One of the reasons to become a U.S. citizen is to help bring foreign-born children to the U.S. In some cases, due to changes in immigration laws, these foreign-born children already may have citizenship through acquisition or derivation. For example, if you have a child under 18 in your custody, and both of you are green card holders, the child will automatically derive their citizenship from you. You should check the laws to make sure that your child is not already a citizen. If they are, they can apply for proof of citizenship.
If you are a citizen, your child likely can come to the U.S. more efficiently than they could if you were a green card holder. Some types of children may be able to come only if you are a citizen.
Getting a Visa for a Foreign-Born Child Under 21
If your child is under 21 and unmarried, they will not face any waiting time to apply for an immigrant visa and a green card if you are a U.S. citizen. This is because they will fall within the immediate relative category. You can still apply for an unmarried child who is under 21 as a green card holder, but they can expect a certain waiting period because the demand exceeds the supply for these visas. You can review the State Department’s Visa Bulletin to see how long your child might need to wait. This will involve checking the priority date for category F2A in the column for your child’s country of residence.
Getting a Visa for an Adult Foreign-Born Child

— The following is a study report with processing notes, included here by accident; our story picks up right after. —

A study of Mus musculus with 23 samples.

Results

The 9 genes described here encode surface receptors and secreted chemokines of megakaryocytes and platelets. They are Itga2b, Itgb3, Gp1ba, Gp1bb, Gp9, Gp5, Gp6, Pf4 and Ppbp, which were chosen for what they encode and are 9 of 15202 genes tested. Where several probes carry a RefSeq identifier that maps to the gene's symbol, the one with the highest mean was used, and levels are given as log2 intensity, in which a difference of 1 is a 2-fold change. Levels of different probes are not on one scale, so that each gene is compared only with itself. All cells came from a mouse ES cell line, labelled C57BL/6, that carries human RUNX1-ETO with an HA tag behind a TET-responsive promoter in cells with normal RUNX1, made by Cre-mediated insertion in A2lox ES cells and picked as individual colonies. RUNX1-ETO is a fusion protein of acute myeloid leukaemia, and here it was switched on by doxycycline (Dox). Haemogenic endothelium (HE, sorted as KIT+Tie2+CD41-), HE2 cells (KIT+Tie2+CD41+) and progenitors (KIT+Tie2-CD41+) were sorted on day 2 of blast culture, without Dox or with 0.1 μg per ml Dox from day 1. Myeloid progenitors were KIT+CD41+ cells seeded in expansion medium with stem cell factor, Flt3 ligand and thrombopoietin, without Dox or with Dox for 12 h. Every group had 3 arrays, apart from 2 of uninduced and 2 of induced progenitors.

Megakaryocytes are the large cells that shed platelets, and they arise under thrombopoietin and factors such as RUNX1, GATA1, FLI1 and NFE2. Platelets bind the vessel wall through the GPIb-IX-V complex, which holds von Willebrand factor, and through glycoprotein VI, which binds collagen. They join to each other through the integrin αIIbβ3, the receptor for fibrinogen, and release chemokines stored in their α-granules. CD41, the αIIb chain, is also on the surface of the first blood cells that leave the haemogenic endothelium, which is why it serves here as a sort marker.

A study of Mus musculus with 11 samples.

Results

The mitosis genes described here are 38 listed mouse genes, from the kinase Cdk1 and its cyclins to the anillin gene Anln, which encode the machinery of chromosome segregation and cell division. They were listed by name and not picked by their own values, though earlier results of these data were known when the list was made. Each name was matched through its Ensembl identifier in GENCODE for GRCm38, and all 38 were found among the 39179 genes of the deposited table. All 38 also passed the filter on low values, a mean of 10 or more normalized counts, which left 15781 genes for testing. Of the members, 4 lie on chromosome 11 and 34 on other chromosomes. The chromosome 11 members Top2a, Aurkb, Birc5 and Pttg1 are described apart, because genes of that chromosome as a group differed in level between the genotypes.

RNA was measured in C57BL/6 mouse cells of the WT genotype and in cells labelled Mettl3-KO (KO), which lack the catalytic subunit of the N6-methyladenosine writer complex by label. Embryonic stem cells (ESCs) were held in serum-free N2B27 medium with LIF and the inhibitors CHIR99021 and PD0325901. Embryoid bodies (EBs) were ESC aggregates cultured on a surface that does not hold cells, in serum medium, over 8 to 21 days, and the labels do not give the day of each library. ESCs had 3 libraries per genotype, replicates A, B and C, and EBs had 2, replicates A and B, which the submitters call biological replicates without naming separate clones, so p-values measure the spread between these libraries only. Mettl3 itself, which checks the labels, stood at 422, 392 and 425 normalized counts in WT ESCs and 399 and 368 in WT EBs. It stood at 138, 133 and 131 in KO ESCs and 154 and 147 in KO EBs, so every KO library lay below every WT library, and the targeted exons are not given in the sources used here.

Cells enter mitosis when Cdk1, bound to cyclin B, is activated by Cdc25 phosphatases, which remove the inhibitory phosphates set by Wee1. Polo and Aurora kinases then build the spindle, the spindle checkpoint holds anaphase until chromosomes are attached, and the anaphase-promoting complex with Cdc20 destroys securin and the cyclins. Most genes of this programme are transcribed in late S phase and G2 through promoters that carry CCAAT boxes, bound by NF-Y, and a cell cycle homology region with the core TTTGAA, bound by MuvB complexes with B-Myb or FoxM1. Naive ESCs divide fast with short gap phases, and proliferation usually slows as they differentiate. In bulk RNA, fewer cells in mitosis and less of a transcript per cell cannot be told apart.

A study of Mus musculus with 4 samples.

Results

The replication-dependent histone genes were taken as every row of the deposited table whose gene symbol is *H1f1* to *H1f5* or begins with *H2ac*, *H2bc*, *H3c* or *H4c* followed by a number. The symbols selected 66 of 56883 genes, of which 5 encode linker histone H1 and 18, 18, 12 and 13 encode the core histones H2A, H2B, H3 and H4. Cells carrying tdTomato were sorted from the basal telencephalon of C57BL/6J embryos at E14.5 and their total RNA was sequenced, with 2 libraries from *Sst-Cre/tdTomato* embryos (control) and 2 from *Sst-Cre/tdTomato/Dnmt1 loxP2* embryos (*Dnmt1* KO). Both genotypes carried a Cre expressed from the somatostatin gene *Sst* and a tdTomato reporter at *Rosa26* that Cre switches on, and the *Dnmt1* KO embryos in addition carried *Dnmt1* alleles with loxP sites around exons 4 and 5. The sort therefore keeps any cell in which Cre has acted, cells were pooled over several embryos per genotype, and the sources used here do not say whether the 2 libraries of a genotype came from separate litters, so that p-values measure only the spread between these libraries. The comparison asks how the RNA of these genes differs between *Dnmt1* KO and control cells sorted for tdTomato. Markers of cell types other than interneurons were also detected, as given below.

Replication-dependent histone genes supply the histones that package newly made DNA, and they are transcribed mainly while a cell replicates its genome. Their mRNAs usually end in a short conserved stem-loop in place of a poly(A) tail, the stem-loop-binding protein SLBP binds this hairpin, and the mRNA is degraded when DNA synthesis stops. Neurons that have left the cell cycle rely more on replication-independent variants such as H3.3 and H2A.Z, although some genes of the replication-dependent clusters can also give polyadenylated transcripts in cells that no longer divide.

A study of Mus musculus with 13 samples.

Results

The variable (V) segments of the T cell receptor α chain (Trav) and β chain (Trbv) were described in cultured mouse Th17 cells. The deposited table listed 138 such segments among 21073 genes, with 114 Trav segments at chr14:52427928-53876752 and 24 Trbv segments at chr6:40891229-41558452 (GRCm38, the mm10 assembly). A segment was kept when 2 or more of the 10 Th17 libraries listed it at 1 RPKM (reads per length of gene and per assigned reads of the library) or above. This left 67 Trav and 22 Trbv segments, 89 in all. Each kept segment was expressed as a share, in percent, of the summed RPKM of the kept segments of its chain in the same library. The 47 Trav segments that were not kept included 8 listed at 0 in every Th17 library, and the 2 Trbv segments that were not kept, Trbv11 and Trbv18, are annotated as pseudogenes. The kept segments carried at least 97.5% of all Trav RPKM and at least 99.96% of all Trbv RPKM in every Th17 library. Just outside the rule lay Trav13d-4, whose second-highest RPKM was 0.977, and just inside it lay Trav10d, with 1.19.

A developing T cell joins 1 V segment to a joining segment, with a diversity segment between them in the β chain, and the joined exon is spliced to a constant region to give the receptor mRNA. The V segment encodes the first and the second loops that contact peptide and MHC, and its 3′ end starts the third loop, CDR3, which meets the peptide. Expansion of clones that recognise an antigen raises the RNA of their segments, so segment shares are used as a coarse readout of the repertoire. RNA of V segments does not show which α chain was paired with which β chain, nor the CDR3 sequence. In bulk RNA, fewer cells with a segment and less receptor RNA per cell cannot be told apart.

You can petition for a green card for an unmarried child who is 21 or older, regardless of whether you are a citizen or a green card holder. Unfortunately, the wait can be long in either of these categories, since both of them cap visas. The child may not be able to come to the U.S. for several years. You can check the F1 and F2B categories in the Visa Bulletin to see how long the waiting period might be in your child’s situation. If they get married before the application process ends, they will lose their visa eligibility.
You can petition for a green card for a married child only if you are a U.S. citizen. You can find this category at F3 in the Visa Bulletin. Green card holders do not have this opportunity. However, their child may be able to find another route to a green card, such as an employment visa or a diversity visa. Even if you are a citizen petitioning for a married child, you should be aware that they will face a long wait.
Filing the Petition for a Child
You can file Form I-130 to petition for an unmarried child before you become a U.S. citizen. If you get citizenship before the child becomes eligible to apply for a visa, you can ask USCIS to change the preference category and priority date for the child. For example, if an unmarried adult child is still waiting to apply, you can advise USCIS that you are a citizen and that your child thus is eligible to move from category F2B to category F1. If a child under 21 is waiting to apply, you can notify USCIS of your citizenship and point out that your child no longer will be subject to the cap on visas. You should provide USCIS with Form I-797C (the receipt for your I-130 petition) and your naturalization certificate.
In some cases, changing to a higher preference category may not help your child. The wait sometimes may be shorter in their current category. If you want to keep your child in their current category, you should ask USCIS to keep them there.